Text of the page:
March 16, 2012

Concert #629 - The Americans at McCabe's Guitar Shop (March 11, 2012)

I first saw the Americans in October 2010, when they opened for the Secret Sisters at McCabe's - they impressed me quite a bit, so a couple of months ago, when they were booked to headline at McCabe's, I was one of the first ticket buyers. A few weeks later and totally against my initial prediction, the show sold out.

For those wondering about the origin of the band's moniker: The Americans hail from the United States of America, America for short, a country located on the North-American continent and inhabited by Americans. That's precisely the same country that has given us the Five Americans ("Western Union"), the American Breed ("Bend Me, Shape Me"), Jay & The Americans ("Come A Little Bit Closer") and, of course, America ("A Horse With No Name", "Ventura Highway", etc, etc.). Seriously now, the fact that such an obvious name was still available for the band to pick up and use just boggles my mind. Good for them!

Upon entering the concert room, we found on our seats a printed set list, something one does not often see. Included were not only the song titles, but also some additional information about the songs that comprised the first half of the concert. Here's the list:

Wearing suits and carrying acoustic instruments, the Americans remained seated throughout their first set, which was a bit unexpected from a band known for playing mostly high-energy rockabilly. The whole thing can be described as interesting, different, definitely well-done, but not pulse-raising. Two songs stood out: Zac Sokolow's fiddle medley, with Tim Carr drumming on the strings of Zac's fiddle, and "Uncle Dave's Beloved Solo", showcasing Zac's exquisite banjo playing.

Stage setup for the acoustic set
The Americans at McCabe's during their acoustic set

Tim Carr drumming on the strings of Zac Sokolow's fiddle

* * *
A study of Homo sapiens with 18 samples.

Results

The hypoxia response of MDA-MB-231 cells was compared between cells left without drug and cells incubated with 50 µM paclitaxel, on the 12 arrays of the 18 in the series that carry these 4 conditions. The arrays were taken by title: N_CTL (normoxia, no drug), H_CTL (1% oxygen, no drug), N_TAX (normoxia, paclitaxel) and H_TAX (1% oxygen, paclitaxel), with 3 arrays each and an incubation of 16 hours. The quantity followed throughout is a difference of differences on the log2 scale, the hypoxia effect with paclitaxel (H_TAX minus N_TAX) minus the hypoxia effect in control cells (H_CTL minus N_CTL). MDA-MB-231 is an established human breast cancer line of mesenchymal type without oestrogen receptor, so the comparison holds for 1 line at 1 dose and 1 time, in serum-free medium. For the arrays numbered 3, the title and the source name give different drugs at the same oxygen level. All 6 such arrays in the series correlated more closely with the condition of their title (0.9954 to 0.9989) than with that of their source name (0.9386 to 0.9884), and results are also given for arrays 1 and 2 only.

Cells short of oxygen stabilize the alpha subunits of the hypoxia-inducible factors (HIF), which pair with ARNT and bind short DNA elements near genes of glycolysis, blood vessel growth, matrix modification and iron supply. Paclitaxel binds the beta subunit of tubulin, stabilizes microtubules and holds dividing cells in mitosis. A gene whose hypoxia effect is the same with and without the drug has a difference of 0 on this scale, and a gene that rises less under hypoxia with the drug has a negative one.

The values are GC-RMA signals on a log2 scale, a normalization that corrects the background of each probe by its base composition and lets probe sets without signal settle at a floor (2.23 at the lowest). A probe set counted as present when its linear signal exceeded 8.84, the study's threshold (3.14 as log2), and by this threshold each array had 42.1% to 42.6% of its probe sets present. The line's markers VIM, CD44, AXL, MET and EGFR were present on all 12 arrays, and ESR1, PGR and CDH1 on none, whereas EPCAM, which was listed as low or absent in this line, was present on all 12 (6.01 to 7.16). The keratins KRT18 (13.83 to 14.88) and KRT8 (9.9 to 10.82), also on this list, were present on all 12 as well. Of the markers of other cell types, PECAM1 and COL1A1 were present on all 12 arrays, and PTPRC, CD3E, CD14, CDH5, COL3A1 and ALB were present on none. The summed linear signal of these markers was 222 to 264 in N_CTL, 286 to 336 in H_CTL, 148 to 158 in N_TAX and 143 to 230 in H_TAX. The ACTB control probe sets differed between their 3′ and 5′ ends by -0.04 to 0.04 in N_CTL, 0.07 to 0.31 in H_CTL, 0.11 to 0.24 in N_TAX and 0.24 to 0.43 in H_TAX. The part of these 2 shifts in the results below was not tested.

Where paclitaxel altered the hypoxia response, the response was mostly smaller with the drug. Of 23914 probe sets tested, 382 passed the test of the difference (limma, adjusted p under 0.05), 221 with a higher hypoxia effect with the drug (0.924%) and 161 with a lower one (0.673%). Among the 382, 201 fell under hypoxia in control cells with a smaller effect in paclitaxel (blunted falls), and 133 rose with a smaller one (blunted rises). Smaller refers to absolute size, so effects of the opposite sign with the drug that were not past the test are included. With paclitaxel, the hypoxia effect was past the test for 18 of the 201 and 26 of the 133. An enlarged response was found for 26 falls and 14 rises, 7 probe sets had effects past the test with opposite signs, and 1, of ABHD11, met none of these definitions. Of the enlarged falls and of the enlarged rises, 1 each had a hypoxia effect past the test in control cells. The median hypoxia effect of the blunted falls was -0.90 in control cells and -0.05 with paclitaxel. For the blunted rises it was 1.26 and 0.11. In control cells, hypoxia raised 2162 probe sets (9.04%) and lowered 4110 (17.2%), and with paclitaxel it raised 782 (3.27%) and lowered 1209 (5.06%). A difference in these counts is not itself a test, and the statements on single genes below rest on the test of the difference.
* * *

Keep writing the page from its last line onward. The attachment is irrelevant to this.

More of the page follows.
After a short break, the four Americans came back dressed in white T-shirts, ready to rock. And rock they did. With their acoustic instruments mostly out of the way, they played loud and fast. My favorites were "Mannie" and "Prison Yard Walk", two of their own songs.

The Americans at McCabe's, during their second set

 The Americans are:
Patrick Ferris - Vocals, guitar, mouth harmonica
Jake Faulkner - Upright bass, electric bass, mouth harmonica
Zac Sokolow - Guitar, banjo, fiddle
Tim Carr - Drums, percussion, guitar

Patrick Ferris is one heck of a musician - his voice is a deadly weapon, made precisely for the kind of music the band likes to play. With his looks, delivery and guitar playing, he would be perfect in the movie role of a rocker from the late fifties and early sixties. Zac Sokolow impressed me as well - I enjoyed watching him switch from one instrument to another and I found myself focusing often on his guitar licks. The rhythm section was great, too. I liked Tim's one-handed drumming, while the other hand kept busy with a shaker. Jake sounded exactly the way a rockabilly bassist is supposed to sound and, what's more, he also looks the part.

Patrick, Tim and Jake

The band's best moments came when they rocked the hardest and played the loudest. A few of the songs they played at McCabe's are now available for your viewing pleasure on YouTube:

The song list of the band's second set
Sadly though, I could not enjoy the show to its fullest, as I was constantly being distracted by two overzealous young ladies who, I suppose on behalf of the band, were recording the show. Their constant movement and incessant clicking of their SLR camera annoyed me quite a bit, so by the time the show ended, all I wanted to do is get out of there, which I did. It would have been nice for me to hang around, shake hands with the four Americans and thank them for their outstanding music.